Salahis, Desiree Rogers won't testify at White House security hearing
Thursday, December 3, 2009; 9:35 AM
The White House tried to put the whole Salahi incident to rest Wednesday night.
And on Thursday morning, Bennie Thompson will stir it all up again.
Thompson, chairman of the House Committee on Homeland Security, will hold a hearing to get, he says, at the truth of what happened. He hopes to help settle the nerves of a nation rattled by the ease with which an apparently uninvited couple breached layers of security, breezed into the White House and shook President Obama's hand at a state dinner last week.
But Thompson's hearing is also making White House officials nervous.
They have refused to make social secretary Desirée Rogers available for the inquiry and, with a memo acknowledging that administration staff had contributed to the security breach, they have sought to put an end to the matter and make the hearings old news by the time they start.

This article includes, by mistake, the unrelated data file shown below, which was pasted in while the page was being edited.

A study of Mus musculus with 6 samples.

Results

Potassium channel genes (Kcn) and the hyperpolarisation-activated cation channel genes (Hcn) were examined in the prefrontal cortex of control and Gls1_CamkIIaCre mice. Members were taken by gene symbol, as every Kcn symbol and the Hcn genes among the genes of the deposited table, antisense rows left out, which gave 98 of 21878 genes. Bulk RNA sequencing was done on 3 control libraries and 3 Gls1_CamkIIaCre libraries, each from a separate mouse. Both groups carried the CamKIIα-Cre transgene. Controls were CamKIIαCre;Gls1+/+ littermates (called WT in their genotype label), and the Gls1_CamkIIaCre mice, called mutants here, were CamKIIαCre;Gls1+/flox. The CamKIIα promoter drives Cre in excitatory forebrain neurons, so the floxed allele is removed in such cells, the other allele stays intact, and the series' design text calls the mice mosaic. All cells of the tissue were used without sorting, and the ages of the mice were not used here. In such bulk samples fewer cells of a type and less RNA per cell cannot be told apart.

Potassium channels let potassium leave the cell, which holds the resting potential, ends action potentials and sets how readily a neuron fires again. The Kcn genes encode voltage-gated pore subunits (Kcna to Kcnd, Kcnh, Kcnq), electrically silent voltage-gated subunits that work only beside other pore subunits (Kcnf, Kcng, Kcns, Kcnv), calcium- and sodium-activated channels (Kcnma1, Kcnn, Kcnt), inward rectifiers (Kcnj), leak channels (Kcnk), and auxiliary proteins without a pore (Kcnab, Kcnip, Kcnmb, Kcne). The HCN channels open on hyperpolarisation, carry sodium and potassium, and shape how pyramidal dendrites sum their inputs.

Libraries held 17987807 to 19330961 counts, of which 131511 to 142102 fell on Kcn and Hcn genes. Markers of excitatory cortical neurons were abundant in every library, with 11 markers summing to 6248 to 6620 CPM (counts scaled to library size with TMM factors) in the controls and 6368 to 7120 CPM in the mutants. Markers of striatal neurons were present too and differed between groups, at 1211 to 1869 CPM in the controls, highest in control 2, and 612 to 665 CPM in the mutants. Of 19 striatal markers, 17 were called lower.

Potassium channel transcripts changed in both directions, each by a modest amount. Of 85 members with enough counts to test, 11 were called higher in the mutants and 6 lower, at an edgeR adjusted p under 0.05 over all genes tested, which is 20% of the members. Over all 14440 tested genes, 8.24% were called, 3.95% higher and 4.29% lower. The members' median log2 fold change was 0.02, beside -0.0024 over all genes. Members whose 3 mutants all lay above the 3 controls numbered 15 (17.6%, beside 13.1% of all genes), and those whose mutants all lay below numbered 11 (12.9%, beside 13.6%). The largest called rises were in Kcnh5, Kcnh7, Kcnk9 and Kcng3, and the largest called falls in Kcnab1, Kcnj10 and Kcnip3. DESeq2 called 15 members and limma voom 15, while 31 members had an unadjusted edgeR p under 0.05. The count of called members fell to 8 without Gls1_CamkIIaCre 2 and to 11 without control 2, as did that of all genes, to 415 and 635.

Now it is up to Thompson to decide how important his inquiry is.
After Tareq and Michaele Salahi declined an invitation to testify before the committee about their unexpected appearance at the White House, the Mississippi Democrat warned in a statement Wednesday night that he could subpoena them "to compel their appearance" at some future date if necessary.
"I mean, they walked in right off the street!" Thompson said in an earlier interview in his spacious Capitol Hill office.
Thompson was quick to point out that he's heard concern from as many whites as blacks about the president's safety. But as the first African American to chair the committee, he said he has sensed heightened concern among the African Americans who already feared for the president's safety given the historic nature of his position and the country's racially charged past.
"Joe Madison's been all over the story," Thompson said of the popular radio host.
"I've personally heard this worry," said Thompson, whose committee was created in the aftermath of the Sept. 11, 2001, terrorist attacks upon the United States.
"The symbolism with this being the first African American president is huge, and along with that comes concern for his safety. What did he get? Must have been 96 percent of the African American vote."